FIA president urges caution over closed cockpits

©N. Carpentiers and FIA

FIA president Jean Todt says any attempt to introduce closed cockpits into Formula One and other single-seaters categories must be carried out very carefully and within the realm of feasibility.

The sport’s governing body has renewed and increased its efforts to enhance driver head protection in the wake of Jules Bianchi and Justin Wilson’s deaths last summer.

The Frenchman perished from the severe head injuries he had sustained when hitting a recovery vehicle at the 2014 Japanese Grand Prix, while the Briton was killed in an IndyCar race after he was struck by debris from another car.

FIA safety director Laurent Mekies is currently investigating a number of concepts ranging from fighter plane-style canopies to Mercedes’ proposed oval-shaped ‘halo’ supported by a vertical strut around the driver’s head.

“Firstly, we don't want to deter the speciality of each category of motorsport,” Todt said. “On the other side, we must make sure that we do any attempt which is feasible to optimise safety.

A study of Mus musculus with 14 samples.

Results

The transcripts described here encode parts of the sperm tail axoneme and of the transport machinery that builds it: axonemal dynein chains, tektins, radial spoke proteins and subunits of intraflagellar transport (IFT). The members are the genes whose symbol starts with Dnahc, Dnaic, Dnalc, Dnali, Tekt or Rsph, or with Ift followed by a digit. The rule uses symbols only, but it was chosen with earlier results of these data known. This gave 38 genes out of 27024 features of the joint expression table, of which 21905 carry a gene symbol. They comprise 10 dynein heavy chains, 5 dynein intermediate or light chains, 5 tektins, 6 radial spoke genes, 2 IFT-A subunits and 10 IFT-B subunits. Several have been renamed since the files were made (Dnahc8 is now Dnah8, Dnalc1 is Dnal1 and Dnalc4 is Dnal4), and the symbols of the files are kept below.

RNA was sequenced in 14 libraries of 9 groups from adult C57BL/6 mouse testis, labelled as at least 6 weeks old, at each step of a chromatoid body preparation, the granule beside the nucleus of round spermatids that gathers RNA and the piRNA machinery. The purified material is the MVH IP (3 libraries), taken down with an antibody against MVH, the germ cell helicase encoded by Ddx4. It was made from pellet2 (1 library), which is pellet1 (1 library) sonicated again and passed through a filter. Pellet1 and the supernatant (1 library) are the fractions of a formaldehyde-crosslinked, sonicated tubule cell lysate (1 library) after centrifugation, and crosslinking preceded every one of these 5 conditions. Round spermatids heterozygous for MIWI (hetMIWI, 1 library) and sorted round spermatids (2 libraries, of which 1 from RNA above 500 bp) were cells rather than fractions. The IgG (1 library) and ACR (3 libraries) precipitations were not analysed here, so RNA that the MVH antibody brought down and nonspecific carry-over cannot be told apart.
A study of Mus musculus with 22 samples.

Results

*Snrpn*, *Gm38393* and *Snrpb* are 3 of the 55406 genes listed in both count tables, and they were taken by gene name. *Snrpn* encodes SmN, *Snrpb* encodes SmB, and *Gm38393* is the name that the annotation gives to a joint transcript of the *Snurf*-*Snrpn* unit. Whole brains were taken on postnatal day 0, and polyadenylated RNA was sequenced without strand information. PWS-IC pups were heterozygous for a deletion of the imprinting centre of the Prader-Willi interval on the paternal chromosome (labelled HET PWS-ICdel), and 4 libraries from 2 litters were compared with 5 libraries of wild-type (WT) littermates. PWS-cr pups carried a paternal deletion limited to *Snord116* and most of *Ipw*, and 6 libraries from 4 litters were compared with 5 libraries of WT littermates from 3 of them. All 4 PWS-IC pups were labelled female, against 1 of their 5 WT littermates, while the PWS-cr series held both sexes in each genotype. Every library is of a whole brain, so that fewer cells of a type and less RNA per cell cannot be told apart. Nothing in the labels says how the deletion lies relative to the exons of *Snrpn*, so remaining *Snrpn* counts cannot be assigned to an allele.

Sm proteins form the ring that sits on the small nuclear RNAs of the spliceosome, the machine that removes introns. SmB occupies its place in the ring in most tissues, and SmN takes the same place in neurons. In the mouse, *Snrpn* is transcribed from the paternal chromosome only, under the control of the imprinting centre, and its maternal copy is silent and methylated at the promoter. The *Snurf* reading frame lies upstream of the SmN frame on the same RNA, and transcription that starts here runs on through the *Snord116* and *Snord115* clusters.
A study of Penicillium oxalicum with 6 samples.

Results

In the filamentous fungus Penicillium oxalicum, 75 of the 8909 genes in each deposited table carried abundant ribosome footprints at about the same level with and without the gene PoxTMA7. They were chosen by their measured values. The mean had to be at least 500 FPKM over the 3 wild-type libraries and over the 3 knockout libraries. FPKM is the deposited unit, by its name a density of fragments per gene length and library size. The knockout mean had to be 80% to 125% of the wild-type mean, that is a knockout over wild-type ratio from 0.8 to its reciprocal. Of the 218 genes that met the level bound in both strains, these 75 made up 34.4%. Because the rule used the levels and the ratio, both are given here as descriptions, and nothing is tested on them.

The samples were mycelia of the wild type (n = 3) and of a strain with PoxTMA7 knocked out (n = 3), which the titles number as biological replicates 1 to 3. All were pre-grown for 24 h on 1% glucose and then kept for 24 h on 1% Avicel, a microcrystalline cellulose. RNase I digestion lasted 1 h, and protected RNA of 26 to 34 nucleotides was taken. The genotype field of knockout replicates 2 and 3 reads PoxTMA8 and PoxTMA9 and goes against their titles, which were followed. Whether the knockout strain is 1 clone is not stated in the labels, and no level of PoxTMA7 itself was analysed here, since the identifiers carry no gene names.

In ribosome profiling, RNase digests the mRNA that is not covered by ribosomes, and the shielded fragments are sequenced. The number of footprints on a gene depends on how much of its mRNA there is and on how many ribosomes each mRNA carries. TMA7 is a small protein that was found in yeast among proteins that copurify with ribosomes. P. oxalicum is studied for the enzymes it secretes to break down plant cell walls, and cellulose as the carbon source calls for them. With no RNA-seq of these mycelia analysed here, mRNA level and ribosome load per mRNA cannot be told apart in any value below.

“So we need to get behind the engineers and be very careful to see what would be the proposal. I must say we have been working very strongly in improving road safety and safety is part of our daily responsibility.”

The FIA has been working on closed cockpits since at least 2009 when John Surtees’ son Henry died at the age of 18 when he was hit by a loose wheel during a Formula Two race at Brands Hatch.

That same summer, Ferrari’s Felipe Massa narrowly escaped death after being struck by a spring flying off Rubens Barrichello’s Brawn in Hungary.

The FIA already said it was worried that canopies would randomly deflect flying debris, while also limiting access to the driver in case of accident.